AHIP, better known to most as the health insurance lobby, probably had more to do with the failure of President Clinton's health care reform effort than did any other industry association. Relative to that turbulent era, this year, the organization has been fairly quiet, but it's also become the redheaded stepchild of the stakeholder associations. Its goal has been fairly simple: support strong mandates, weak regulations, and demonize public competition--and if that doesn't succeed, to tank the project. For months, AHIP played this game masterfully--nominally supporting reform, declining to run Harry & Louise-type ads that proved so effective in the early '90s, while also enlisting citizens to "raise concerns" at health care protests, and wage war against the public option. That slippery strategy worked pretty well until last month, when the group commissioned a deceitful study to scare voters into believing that health care reform would break their banks. Since then, AHIP has jumped ship, but possibly too late, and certainly after great harm was done to the insurance industry's already sullied reputation.

PhRMA

The most insider-y of the insiders. The Pharmaceutical Research and Manufacturers of America is perhaps the best moneyed, and therefore most influential industry group to count itself on the side of reform. That's probably why the White House and Senate Finance Committee Chairman Max Baucus handed PhRMA the sweetest deal of any of the industry stakeholders. Drug manufacturers agreed, by accepting a handful of regulatory changes, to provide $80 billion over 10 years to help cover the cost of reform legislation. In return, a coup: the administration vowed not to overturn their hard-won victories, such as a ban on drug re-importation and a promise from the government not to bargain down the price of prescription drugs. This deal was threatened when it was made public earlier this year by PhRMA-chief Billy Tauzin, but has thusfar survived the Senate's grueling legislative process. One potential problem: The House was not a party to the deal, does not approve of it, and its legislation does not enshrine it. That could lead to a situation in which Obama has to choose between either alienating his liberal base or alienating a powerful political money-giver. That's a dilemma worth keeping an eye on.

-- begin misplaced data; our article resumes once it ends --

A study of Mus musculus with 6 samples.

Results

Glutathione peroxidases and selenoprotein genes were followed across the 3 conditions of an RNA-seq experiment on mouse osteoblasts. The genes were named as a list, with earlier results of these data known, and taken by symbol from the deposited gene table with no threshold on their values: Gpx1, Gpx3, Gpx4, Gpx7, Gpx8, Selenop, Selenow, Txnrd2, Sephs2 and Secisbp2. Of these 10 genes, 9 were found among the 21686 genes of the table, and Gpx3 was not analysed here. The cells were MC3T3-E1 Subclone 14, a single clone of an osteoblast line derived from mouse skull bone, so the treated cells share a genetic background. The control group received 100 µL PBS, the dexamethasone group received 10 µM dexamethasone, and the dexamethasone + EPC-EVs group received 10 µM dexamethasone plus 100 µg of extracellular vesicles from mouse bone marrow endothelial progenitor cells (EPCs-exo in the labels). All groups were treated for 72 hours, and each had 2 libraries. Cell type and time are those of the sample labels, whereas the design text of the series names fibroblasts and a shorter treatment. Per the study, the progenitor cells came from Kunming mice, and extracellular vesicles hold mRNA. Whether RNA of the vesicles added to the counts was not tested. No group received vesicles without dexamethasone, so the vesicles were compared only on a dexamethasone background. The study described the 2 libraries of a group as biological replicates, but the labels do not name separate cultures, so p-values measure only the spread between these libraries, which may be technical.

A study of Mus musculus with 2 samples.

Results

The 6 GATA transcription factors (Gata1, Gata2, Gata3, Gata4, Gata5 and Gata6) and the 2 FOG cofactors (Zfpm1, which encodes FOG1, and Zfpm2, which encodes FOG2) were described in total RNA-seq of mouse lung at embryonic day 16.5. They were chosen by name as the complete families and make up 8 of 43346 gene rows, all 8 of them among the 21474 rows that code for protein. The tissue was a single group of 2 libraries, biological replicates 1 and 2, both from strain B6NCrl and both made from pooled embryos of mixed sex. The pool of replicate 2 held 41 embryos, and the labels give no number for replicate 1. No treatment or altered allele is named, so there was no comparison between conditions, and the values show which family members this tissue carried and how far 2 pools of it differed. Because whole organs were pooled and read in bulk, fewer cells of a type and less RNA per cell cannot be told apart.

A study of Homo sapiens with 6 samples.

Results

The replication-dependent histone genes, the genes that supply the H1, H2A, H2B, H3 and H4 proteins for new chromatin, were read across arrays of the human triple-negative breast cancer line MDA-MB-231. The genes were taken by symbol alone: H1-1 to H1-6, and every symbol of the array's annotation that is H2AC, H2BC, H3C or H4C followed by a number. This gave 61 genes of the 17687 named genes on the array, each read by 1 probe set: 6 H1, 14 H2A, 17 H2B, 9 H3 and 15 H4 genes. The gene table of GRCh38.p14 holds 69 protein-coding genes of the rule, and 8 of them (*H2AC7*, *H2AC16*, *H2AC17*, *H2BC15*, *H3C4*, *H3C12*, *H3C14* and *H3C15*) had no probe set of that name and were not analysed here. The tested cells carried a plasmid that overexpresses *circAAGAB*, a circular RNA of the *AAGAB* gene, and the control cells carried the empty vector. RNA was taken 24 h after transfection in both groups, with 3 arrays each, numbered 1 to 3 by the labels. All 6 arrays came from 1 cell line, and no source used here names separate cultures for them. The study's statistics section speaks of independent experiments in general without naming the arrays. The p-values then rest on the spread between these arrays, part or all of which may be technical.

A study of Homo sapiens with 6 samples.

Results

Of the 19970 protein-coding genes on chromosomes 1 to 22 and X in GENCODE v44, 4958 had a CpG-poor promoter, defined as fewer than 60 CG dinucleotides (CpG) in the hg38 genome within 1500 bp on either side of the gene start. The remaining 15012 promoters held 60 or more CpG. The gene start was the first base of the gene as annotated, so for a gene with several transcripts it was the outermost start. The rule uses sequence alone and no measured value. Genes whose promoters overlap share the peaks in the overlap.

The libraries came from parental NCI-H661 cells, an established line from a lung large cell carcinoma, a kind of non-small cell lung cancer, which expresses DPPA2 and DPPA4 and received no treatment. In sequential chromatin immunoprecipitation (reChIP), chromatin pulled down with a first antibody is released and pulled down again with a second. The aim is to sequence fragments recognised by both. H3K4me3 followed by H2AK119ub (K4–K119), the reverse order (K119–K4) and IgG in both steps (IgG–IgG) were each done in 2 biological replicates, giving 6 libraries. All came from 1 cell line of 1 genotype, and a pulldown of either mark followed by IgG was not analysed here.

AARP

The elderly are skeptical of reform. The Republicans caught on to that early, and that's why the summer was sopped with spurious warnings about death panels and cuts to Medicare. They elderly also vote. And without the early and continued support of their main lobby, the reform effort might have been toppled long ago. The administration will likely return to Medicare when it turns its attention to pressing fiscal challenges, and there the AARP will likely play a greater role. In this effort, though, they secured the closing of the "donut hole"--the Medicare prescription drug coverage gap--and gave their blessing the government to rein in Medicare Advantage overpayments, and other Medicare reforms. They endorsed the House health care bill last week.

The American Hospital Association

The AHA has been a big, but quiet player in the reform fight. They agreed to a $155 billion in payment cuts over 10 years to help cover the cost of the overhaul. In return, they expect a new treatment landscape--electronic records, reduced bureaucracy, no more (or many fewer) uninsured patients, without taking a significant hit profit-wise. That's why they were concerned about (though not adamantly opposed to) a public option, which was originally conceived as a major insurer that paid Medicare rates to health care providers. As it turns out, the public options being considered by both the House and Senate are much more modest creatures, unlikely to cause hospitals to revolt.

The American Medical Association

The AMA is not Washington's most influential lobby. But doctors are a fairly beloved, and conservative constituency, and if they'd raised hell about reform--if they, and not Republicans, had been the ones warning patients about government bureaucrats coming between them and their doctors--Democrats would have had a difficult time calming voter fears. Basically, doctors don't want pay cuts, and would like to deal with less bureaucracy. They tepidly opposed a public option, and were disappointed when Republicans and some Democrats killed a bill that would have reformed Medicare's physician payment formula. But in the end they got most of what they wanted, and endorsed the House's health care bill last week.

Health Care for America Now

There are more pro-reform groups working to pass a bill--unions and consumer groups and health care issue organizations and so on--than a single journalist could possibly describe. Some have played the inside game (the Service Employees International Union), others have been less beholden to the White House's line (AFL-CIO) but dozens of them, from across the spectrum, aligned under HCAN's wide umbrella. HCAN has spent millions of dollars on a campaign for a comprehensive health care bill. To the extent that liberals and reformers have a single basic understanding of what constitutes a public option, it's because HCAN defined it and helped organize around it. HCAN's efforts haven't been as punchy as some of the more liberal groups would have liked, or as passive as the Obama administration might have preferred. But the group has the ear of the White House and key players in Congress, and has used that access at times to great effect.